New Internationalist

Basic instincts

Issue 407

The US Democrats are now talking about ‘troops home’ and ‘ending the war’. Can they be believed? Anthony Arnove explains why their words should be taken with a large dose of salt.

We are now four and a half years into the US (and British) occupation of Iraq. Rather than liberating Iraq, the United States has decimated it, with consequences that call into question its future existence as a country.

In US newspapers, we have been reading about troop withdrawals and Democratic proposals to end the war. This is complete spin. If we had honest reporting, the front-page headlines would read:

LARGEST NUMBER OF US ACTIVE DUTY TROOPS AT ANY POINT SINCE US INVASION – 169,000 – IN IRAQ.

Underneath, it would explain: ‘The US is building the world’s largest embassy in Baghdad and long-term military bases with plans for prolonged occupation. Active duty troops will be outnumbered by contractors, leading to an effective doubling of the occupation.’

Only now that the occupation is widely recognized as a complete disaster do you have Democrats voicing criticism. But the debate today in Washington is over tactics. The Democrats have as much at stake as the Republicans in controlling the Middle East’s energy resources. They simply think they can do it more effectively than Bush.

Indeed, the one debate over principles that is taking place is a racist one: many leading Democrats now say that Bush’s folly was in thinking he could ‘bring democracy’ to Arab or Muslim people. In a much-lauded speech, Barack Obama couched his criticism of the Bush Administration’s policy by saying the US ‘is not going to hold together this country indefinitely’. Hillary Clinton asks: ‘How much are we willing to sacrifice’ for the Iraqi people? As if the Iraqis asked us to invade their country and are letting us down.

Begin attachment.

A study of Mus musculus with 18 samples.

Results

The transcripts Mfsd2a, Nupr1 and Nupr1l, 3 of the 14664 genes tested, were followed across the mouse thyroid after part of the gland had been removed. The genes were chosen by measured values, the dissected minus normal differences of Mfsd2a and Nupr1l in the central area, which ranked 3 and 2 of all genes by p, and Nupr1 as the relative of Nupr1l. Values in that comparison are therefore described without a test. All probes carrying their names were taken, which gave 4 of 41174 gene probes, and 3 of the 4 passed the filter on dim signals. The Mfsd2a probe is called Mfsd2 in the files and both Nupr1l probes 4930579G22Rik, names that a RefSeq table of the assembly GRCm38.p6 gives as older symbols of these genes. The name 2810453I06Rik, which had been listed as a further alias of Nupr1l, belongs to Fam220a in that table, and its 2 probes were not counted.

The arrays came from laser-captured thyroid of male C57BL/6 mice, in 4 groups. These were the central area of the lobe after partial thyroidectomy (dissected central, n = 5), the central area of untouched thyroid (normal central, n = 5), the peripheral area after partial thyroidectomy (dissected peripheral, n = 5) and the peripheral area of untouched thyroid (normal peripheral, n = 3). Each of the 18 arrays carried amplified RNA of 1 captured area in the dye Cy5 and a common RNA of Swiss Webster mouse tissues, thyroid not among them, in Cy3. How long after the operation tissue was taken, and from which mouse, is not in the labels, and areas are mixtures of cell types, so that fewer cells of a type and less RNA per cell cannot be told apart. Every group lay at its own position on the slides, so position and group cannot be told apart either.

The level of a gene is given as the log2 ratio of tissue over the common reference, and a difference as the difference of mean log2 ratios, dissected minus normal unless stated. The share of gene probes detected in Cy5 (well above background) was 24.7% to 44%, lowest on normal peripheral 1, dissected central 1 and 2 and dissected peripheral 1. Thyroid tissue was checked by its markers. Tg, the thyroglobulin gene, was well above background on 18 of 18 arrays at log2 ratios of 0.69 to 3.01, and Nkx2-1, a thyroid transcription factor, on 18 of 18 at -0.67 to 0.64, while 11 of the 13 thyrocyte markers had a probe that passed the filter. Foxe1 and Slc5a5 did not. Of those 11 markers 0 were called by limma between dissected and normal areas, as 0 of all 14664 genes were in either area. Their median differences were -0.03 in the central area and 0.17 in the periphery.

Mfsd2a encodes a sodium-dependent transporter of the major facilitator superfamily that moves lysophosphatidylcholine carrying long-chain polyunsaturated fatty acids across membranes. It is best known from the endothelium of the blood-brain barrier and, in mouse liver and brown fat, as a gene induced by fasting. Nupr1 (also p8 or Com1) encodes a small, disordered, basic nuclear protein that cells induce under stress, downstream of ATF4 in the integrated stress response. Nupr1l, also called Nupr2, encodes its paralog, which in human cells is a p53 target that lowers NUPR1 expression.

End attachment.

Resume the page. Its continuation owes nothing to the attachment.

JEZ COULSON / INSIGHT / panos
Cindy Sheehan, whose soldier son Casey was killed in Iraq, joins 100,000 Americans calling for withdrawal. JEZ COULSON / INSIGHT / panos

It’s also worth looking at the Democrats’ actual withdrawal proposals. With the exception only of Dennis Kucinich, who has been marginalized by his party, the plans call for keeping troops in Iraq for ‘targeted counterterrorism activities’, ‘training of Iraqi security forces’, and ‘the protection of US infrastructure and personnel’. None of the leading candidates has talked about removing bases (not just making the verbal sleight of hand of saying they are not ‘permanent’) and private contractors.

The Democrats are hostage to the same interests as the Republicans: Iraq has the world’s second or third largest proven oil reserves and may turn out to have more oil than Saudi Arabia and Iran. It is at the centre of a region with two thirds of world oil reserves and most of the world’s natural gas. The US, having lost its bases in Saudi Arabia, wants to establish a base in Iraq to project its power against other regional enemies, especially Iraq’s neighbour Iran. And US planners badly want to establish a client regime in Iraq aligned with US interests that can ensure the safe flow of oil – the original reason for the invasion.

There will be growing pressure as the 2008 presidential election cycle continues for the anti-war movement to shut up and support whoever is the Democratic frontrunner. But if we follow this advice, we will become irrelevant. Those of us who want to see an end to the occupation must maintain our political independence and mobilize for our own independent demands: immediate and unconditional withdrawal, reparations for the Iraqi people, and genuine support for troops – not just slogans – when they come home. The stakes couldn’t be higher.

Anthony Arnove is the author of Iraq: The Logic of Withdrawal (New Press, 2006).